The term “wolf denning” sounds kind of warm and fuzzy, doesn’t it? It conjures up images of a wolf mom with various members of the pack nurturing new pups that do nothing but sleep, eat, and play in the den.
But I recently learned that “wolf denning” refers to the killing of wolf pups in or near their dens.
In many parts of the U.S., wolves are still protected by the federal endangered species act, but in certain area,s where reintroduction efforts in the mid-1990s have been successful, the animals are fair game.
According to Defenders of Wildlife’s John Motsinger, since October 2012 Wyoming has allowed wolves to be killed year-round, without a license and by almost any means, across 85 percent of the state—the so-called “predator zone.”
Fortunately, most wolves live in the protected areas of the state. Unfortunately, wolf denning is practiced illegally in places where it’s prohibited.
These days, the usual method of culling pups involves shooting them in the head, execution style. A few years ago, the Department of Fish and Game in Alaska reportedly offed two litters of pups this way during an operation to protect a caribou herd whose numbers were in rapid decline. The pups were about four weeks old, and barely walking, according to the Juneau Empire. The article also said the officials had targeted the parents, and thought it more humane to shoot their offspring than to leave them to starve.
Suzanne Stone, top wolf expert at Defenders of Wildlife, says government officials have also killed pups in their dens in Idaho and Wyoming.
If a shot to the head sounds bad, Amaroq Weiss, West Coast Wolf Organizer for the Center for Biological Diversity, assured me that the history of wolf denning was worse.
“The techniques are all utterly abysmal. They include gassing dens, setting fire in dens, burying the dens with pups alive in them, crawling into dens and pulling pups out to shoot them or club them in the head, and using baits that contain poison or fishing hooks hidden inside the baits to be swallowed.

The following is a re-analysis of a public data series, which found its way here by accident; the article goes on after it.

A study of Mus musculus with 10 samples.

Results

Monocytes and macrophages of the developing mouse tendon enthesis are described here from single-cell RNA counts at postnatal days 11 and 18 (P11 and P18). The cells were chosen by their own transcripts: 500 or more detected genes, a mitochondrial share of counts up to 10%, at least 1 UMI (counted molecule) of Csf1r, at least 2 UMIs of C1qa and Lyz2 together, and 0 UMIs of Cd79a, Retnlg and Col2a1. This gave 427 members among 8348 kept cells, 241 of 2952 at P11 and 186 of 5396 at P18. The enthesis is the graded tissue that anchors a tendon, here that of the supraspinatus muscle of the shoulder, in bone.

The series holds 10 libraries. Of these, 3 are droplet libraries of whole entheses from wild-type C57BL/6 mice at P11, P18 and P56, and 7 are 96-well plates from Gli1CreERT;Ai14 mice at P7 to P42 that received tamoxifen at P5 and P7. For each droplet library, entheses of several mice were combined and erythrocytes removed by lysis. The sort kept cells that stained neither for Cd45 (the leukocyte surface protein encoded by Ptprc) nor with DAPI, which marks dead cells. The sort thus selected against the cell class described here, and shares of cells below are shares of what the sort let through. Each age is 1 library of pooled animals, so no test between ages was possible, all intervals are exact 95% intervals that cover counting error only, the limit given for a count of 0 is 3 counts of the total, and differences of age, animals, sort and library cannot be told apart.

“In some instances, all but one of a litter of pups would be killed, and the live one would then be staked by a collar and chain as bait to draw the parents in to be killed, as well. In other cases, all pups were killed and their scent glands removed and used as bait to draw the parents in to be killed, as well,” says Weiss.
And they say wolves are big and bad.
By these methods and others, wolves were nearly exterminated in the U.S. in the 19th century. And it seems like we could be headed back in that direction. The Defenders of Wildlife website describes a bill that just cleared committee in Montana:
If [the bill] passes…a number of horrific practices will be made legal, including neck snares, and the practice of using dead wolves as bait. It will be legal to choke a wolf to death and then leave its body out as bait to try to kill more wolves in its pack.
I understand ranchers may be smarting from the losses or potential losses of some of their stock. But neck snares? Wolves as bait? Killing pups in their dens? Looks like the dark ages of wolf relations are back in full force.
“Wolf denning is abhorrent. It shouldn’t be legal anywhere,” says Linda Saunders, Director of Conservation at Wolf Haven International. Saunders says that instead of wolf denning fading away, it may be on the increase. “There have been rumblings about making it legal next year in Idaho,” she says. “It’s going the opposite direction it should.”